Consuming Jewishness; Or, Can Man Live On Gefilte Fish Alone?
Our mini-course “American Jewishness” began today with a spirited discussion of two essays: “Packaging Jewishness,” Elliott Weiss’s sharp analysis of kosher food marketing; and Staci Boris’s lively introduction to “The New Authentics,” the daring exhibit of “post-Jewish” art she curated in 2008 (you can read my take here). Read side by side, the essays hint at a tension that underlies many discussions of ethnic identity: what is the value of cultural consumption versus production?
As Weiss points out, innumerable products, from Oreo cookies to Aunt Jemima’s pancake mix, sport the seal of kosher approval, yet some companies choose to amplify the nostalgic or symbolic value of their products to add to their appeal. Take, for example, Mother’s Gefilte Fish, a familiar staple of many Passover tables. Shoppers know from the Orthodox Union symbol on the left that the fish is kosher. The rest of the label—the logo, the name, the tag “Old-Fashioned”—do what the seal itself cannot: it makes this gefilte fish more than a rabbinically-approved food; it makes it a symbol of Jewish tradition itself, of the “old country,” and of the devoted gefilte-fish-making mother we may have never known. To consume nostalgically packaged products like Mother’s gefilte fish, Weiss writes, “is not merely a physiological act, it is a semiological one as well: the consumption of Jewish signifiers.”
And yet where does this consumption of signifiers get us? What does it actually mean to enjoy Mother’s Gefilte Fish, or, to take one of Weiss’s younger examples, the punnily named He’Brew, “The Chosen Beer.” Virtually everything about the beer’s packaging strives to make it more than your everyday ale. No, to drink He’Brew is a Jewish act, even if its meaning remains unclear. To quote Weiss:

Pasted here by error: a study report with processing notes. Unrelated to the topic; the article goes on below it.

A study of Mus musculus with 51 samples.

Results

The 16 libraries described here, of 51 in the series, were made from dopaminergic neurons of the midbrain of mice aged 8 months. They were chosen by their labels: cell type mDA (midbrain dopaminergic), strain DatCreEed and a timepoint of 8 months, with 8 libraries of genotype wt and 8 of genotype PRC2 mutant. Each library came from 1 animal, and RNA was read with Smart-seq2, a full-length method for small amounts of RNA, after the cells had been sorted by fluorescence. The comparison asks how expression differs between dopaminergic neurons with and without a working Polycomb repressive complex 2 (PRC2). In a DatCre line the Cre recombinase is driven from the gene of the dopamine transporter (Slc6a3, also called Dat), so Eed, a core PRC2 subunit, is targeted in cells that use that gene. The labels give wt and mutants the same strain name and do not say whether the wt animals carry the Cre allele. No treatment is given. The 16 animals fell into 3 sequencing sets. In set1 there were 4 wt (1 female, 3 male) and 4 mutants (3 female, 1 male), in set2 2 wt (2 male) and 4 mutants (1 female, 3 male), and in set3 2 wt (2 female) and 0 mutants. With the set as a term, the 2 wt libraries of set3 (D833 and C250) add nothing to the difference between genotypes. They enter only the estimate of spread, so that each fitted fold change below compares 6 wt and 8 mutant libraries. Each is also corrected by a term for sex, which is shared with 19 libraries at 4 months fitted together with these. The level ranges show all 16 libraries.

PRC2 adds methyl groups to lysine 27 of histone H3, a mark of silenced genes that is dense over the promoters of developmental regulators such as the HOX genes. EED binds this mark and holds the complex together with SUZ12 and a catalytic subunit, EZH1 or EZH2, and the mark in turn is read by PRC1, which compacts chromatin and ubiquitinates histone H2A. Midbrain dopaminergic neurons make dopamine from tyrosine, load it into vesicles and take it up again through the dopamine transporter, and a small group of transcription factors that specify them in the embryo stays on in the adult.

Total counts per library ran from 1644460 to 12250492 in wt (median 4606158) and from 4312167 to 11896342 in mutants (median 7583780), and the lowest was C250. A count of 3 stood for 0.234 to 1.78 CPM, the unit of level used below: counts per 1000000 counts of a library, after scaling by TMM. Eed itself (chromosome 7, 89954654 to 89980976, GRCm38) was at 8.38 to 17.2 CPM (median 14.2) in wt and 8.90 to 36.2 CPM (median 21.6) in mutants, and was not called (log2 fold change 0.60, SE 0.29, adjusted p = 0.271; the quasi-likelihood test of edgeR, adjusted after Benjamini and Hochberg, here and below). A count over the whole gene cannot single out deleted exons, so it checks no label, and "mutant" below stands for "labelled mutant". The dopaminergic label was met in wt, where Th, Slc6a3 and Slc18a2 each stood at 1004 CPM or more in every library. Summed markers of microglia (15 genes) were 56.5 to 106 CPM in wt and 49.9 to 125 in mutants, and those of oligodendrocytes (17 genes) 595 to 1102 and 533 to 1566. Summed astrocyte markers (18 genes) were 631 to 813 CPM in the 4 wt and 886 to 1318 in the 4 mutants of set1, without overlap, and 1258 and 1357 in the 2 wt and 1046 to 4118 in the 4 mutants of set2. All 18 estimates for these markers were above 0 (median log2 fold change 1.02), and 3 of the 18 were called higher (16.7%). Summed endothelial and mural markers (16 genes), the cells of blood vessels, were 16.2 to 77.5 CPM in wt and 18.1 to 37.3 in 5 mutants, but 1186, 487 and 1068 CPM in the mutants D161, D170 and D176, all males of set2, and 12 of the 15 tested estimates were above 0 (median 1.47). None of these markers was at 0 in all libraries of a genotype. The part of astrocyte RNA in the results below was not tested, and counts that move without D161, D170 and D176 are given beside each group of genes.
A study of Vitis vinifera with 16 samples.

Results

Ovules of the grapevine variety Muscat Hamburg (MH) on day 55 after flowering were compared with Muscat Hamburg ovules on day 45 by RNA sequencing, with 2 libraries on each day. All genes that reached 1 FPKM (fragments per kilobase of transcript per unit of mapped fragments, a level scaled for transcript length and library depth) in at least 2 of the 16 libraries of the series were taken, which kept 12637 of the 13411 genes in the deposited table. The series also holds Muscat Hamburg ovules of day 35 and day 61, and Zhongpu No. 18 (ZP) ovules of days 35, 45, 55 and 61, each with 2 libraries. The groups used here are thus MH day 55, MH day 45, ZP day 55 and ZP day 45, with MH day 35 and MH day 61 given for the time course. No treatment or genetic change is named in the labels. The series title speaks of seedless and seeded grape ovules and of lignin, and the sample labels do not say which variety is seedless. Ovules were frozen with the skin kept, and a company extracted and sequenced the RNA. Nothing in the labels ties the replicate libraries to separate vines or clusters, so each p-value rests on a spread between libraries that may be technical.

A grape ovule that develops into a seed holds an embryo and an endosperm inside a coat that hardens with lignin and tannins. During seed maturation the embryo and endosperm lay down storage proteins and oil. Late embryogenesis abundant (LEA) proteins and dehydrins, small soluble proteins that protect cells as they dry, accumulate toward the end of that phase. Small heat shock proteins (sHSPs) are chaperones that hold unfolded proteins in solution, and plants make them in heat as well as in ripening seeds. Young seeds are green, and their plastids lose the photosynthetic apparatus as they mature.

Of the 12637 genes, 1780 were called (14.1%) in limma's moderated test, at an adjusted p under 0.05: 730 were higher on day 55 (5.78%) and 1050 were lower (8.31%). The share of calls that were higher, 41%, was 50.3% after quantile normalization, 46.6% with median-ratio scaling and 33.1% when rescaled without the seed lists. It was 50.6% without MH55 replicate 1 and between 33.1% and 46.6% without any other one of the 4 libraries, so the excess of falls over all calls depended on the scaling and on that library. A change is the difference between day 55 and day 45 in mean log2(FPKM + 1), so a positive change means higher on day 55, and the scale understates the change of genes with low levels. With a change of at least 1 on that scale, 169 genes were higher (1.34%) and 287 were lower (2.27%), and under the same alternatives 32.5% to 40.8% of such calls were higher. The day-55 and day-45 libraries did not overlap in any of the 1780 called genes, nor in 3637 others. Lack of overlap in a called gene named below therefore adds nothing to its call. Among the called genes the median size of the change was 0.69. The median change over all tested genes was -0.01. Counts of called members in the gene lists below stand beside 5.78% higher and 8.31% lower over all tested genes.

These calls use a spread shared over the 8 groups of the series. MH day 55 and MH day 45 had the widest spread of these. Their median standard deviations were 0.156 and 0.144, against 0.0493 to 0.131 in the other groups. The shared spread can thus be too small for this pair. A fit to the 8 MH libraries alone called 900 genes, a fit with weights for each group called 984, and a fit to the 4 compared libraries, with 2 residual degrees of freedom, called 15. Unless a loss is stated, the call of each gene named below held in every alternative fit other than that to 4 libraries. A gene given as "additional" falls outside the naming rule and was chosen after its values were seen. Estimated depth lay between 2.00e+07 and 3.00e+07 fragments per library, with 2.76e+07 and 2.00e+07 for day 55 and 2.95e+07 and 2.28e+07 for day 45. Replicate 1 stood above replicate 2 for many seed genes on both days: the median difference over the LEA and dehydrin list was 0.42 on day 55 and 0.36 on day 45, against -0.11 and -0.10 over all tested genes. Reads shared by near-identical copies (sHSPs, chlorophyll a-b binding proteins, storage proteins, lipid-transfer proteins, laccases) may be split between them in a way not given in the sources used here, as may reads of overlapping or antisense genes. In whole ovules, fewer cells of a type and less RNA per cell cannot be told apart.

Using quasi-Chagallian pictorial conventions, the image on the front of He’Brew features a “rhino-centric” caricature of a Jewish immigrant (nasally well-endowed and myopic) rising above a fabled skyline, part San Francisco, part old Jerusalem, and part European shtetl… Caricaturing the triumphant arrival of the chosen people to the Promised Land, He’Brew transposes the ironic image of the poor, bearded, and disheveled immigrant upon entry to Ellis Island to modern-day California. Here, the Promised Land is conceptualized as both a place (Northern California) and an idea (mainstream, middle-class America).
The label, in other words, consolidates and blurs a variety of journeys. And still it teeters between irony and earnestness. To drink He’Brew is at once to claim a Jewish affiliation and to laugh about it. It is Jewishness performed as camp, in Susan Sontag’s old sense: Jewishness in quotes.
This campy consumption of Jewish signifiers stands in contrast to the artistic works surveyed in Boris’s “New Authentics.” Most of the artists Boris selected come from the same generations of post-baby-boomers who presumably represent the target market for He’Brew, and yet they do not only consume the culture around them: they produce it. In fact, in a striking departure from the groundbreaking 1997 exhibit “Too Jewish,” The New Authentics artists rarely engage directly or primarily with traditional Jewish customs and signifiers. Still Boris suggests, that very indirectness can itself become a mode of affiliation. “In fact,” Boris writes, “one could even speculate that it is through their art that these artists most profoundly connect with an express their Jewishness.” Here the performance of Jewishness is as much about the process of production as it is about the final work.
But where does that leave those of us who aren’t artists? How can we produce “Jewishness” in an authentic and meaningful way outside the realm of art? And is production ultimately a more meaningful performance of identity than consumption? Is it “more” Jewish to make gefilte fish from scratch rather than spoon it out of a jar?
The performance theorist in me suspects that much depends on repetition, or as Judith Butler put it, the “stylized repetition of acts.” It’s not that either consuming or making gefilte fish is in and of itself an authentic act of Jewish identification. Rather eating or cooking gefilte fish every Passover, year after year, just might make it a significant act for a given person. But I’ll stop there, since that hints at tomorrow’s topic: ritual.